Strangely, the agreement reached in Singapore between the US and North Korean leaders – to achieve the complete denuclearisation of the Korean peninsula – had very little wider market impact. Probably because there was a good deal of scepticism in the aftermath about whether the deal would hold and also because of the limited impact of the deal outside of the region.
Far more meaningful have been the US President’s trade decisions - starting with the tariffs imposed upon imports of aluminium and steel, irrespective of their state of origin. Since May, hardly a week has gone by without the announcement of at least an intention to impose tariffs upon yet another range of goods, either by Trump himself or by one of the trading ‘partners’.
These moves have certainly aroused diplomatic tensions – as evidenced in the by now famous picture of Trump seemingly being harangued by the assembled members of the G7 at their summit in May. The random nature of threats has been disturbing. The use of the ‘national security’ pretext is spurious. Markets just don’t know how far this could go but, on the other hand, in some ways the reaction has been surprisingly muted. This is partly because it is becoming clear that the main object of Trump’s ire is not the global trading community, but China. China is the source of the largest component of his trade deficit and becoming a major global military power. Trump has shown himself very capable of reversing policy in respect to China if it suits him. Partly too, it is because markets recognise that while the progress of globalisation may be in the process of being reversed, it is far too late to turn back the clock now. Effective tariffs on goods in the developed economies are extremely low by historic standards – this is what successive rounds of World Trade Organisation talks and deals have achieved. The limited measures that have been announced so far would not have a meaningful impact upon overall trade volumes.
Finally, in recognition of the fact that the trade measures are likely to have a more damaging impact upon the US economy than positive, business is beginning to fight back and lobbying for their reversal. While it is unlikely to have much effect, given that Trump is only putting into effect campaign promises made to his narrow support base, this should halt further expansion.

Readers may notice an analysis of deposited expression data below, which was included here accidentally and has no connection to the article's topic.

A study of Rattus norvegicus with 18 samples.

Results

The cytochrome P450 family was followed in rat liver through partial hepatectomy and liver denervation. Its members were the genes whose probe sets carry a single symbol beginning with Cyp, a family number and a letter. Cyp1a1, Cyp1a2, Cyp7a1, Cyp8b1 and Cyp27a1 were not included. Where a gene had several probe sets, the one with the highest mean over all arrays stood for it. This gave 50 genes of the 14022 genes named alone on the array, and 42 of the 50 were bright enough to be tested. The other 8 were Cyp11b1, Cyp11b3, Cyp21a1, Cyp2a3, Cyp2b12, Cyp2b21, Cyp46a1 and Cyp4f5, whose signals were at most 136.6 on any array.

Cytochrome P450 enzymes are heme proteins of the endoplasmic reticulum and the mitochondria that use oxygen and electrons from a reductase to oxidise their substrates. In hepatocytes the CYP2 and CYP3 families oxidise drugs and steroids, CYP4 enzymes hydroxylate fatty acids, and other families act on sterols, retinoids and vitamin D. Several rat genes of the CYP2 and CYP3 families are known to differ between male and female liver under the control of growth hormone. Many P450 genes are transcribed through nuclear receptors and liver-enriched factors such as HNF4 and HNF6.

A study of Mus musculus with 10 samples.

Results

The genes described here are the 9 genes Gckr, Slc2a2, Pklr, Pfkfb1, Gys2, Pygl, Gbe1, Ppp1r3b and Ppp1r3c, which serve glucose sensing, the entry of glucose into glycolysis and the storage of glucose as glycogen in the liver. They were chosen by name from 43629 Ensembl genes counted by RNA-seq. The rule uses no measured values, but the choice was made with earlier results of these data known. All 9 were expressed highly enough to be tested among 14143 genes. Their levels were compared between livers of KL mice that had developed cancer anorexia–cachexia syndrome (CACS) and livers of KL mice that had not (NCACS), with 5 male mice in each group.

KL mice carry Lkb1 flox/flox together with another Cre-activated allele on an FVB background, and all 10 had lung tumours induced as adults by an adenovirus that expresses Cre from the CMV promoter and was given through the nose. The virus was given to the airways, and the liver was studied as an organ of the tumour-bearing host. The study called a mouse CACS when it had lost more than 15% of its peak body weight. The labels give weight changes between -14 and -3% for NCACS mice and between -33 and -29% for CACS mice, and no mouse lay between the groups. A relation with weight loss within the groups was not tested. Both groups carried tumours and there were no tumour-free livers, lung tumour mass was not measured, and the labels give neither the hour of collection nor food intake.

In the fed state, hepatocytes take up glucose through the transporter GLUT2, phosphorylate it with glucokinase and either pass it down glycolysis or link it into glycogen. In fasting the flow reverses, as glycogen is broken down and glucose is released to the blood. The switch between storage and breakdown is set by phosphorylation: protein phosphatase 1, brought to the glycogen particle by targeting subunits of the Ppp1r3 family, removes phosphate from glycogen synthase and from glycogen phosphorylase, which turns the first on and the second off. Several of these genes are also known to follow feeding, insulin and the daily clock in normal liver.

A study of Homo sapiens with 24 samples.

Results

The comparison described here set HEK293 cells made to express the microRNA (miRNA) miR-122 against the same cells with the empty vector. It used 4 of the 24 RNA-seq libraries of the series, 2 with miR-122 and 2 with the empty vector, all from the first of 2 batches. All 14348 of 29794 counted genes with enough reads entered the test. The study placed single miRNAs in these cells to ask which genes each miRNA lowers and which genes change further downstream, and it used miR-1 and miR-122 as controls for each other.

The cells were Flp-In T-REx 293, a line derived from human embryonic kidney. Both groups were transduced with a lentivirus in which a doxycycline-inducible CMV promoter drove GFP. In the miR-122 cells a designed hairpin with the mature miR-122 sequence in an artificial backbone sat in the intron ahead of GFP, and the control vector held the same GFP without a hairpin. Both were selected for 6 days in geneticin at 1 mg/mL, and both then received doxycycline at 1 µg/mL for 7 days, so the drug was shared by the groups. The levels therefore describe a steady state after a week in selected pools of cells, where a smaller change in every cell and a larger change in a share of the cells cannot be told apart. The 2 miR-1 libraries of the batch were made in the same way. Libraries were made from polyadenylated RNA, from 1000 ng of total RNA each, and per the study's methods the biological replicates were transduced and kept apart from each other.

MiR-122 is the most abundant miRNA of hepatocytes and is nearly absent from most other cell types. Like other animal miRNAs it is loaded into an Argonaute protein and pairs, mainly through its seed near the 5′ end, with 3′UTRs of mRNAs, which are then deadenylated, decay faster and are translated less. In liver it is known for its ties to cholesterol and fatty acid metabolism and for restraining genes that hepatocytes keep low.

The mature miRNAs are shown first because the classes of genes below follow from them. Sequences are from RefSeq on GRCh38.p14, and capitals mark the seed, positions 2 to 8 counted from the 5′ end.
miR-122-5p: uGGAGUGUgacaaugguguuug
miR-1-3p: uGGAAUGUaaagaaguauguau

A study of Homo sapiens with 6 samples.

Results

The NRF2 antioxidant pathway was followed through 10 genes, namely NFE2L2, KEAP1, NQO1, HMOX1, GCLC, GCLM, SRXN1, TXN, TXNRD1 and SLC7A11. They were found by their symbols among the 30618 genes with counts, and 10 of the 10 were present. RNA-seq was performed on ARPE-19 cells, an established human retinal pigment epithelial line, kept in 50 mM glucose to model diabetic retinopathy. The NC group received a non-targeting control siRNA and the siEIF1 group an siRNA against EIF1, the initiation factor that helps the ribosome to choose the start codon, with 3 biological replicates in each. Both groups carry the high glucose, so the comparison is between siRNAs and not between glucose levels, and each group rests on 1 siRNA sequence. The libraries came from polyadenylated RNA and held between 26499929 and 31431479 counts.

Italian coalition creates euro uncertainty
Two other factors have demanded investor attention in recent weeks. First was the result of the Italian election and the continuing search to find a viable coalition. That the first manifestation of that coalition, a combination of the far right and left, could only agree on one thing – their opposition to the Euro was not a good sign when the President tried to avoid a rerun of the 2011-12 Euro crisis by vetoing their choice of Finance Minister, that only served to indicate to investors that a rerun was more likely. For now, calmer counsels have prevailed but peripheral Euro yield spreads have widened as markets prepare for further potential instability.
Impact of oil price & US dollar strength
The second is the behaviour of the oil price accompanied, unusually by US dollar strength. A number of factors were behind the former – global demand growth, OPEC restraint, crisis in Venezuela, compounded by Trump’s declaration of full-scale commercial war against Iran. This accompanied by dollar strength was damaging for emerging markets where we saw signs of stress in Argentina and Turkey, but very positive for oil exporting economies and commodity-rich equity indices, notably the UK.
This factor, plus the excessive reaction to Q1 news, was behind the very strong performance of UK equities in Q2. In the middle of all this, the UK scene continues to be dominated by Brexit. I recognise that, given the strong views held by many on this subject on both sides of the argument, that the following is inevitably going to offend more than a few. But the picture is becoming a little clearer – but increasingly fraught given the pressure of time. Frankly, the UK conceded any kind of bargaining power it had when it triggered Article 50 early. Various Parliamentary debates concerning the extent of that institution’s continuing influence upon the process have come and gone, inconclusively. Leak and counter-leaks have emerged from both wings of the Conservative party. The Labour opposition too is almost as divided. But the Irish question holds the centre stage. As soon as UK politicians concede the EU position that placing any kind of customs infrastructure at the Irish border is a non-starter, then they also concede our continuing membership of the Customs Union and some aspects of the Single Market. Failure to recognise this is having a damaging impact upon business and the economy as time marches on – which the recent warning from Airbus has indicated. However, the Brexiteers are unwilling to do so and the response of the Prime Minister is not to stand up to them, but to fudge. In these circumstances, the danger is that we have an almost permanent Brexit process, one in which uncertainty about the future is so pronounced that business investment and employment decisions are permanently put on hold – or businesses relocate. That is why we are not optimistic about the medium term performance of UK assets and are increasing overseas exposure at this point.
All in all, in spite of the growing influence, albeit temporary, of geopolitics, we see nothing to divert us from our central investment thesis of 2018 – that monetary policy normalisation against a background of elevated investment markets will make for a volatile and uncomfortable ride for investors for a while to come.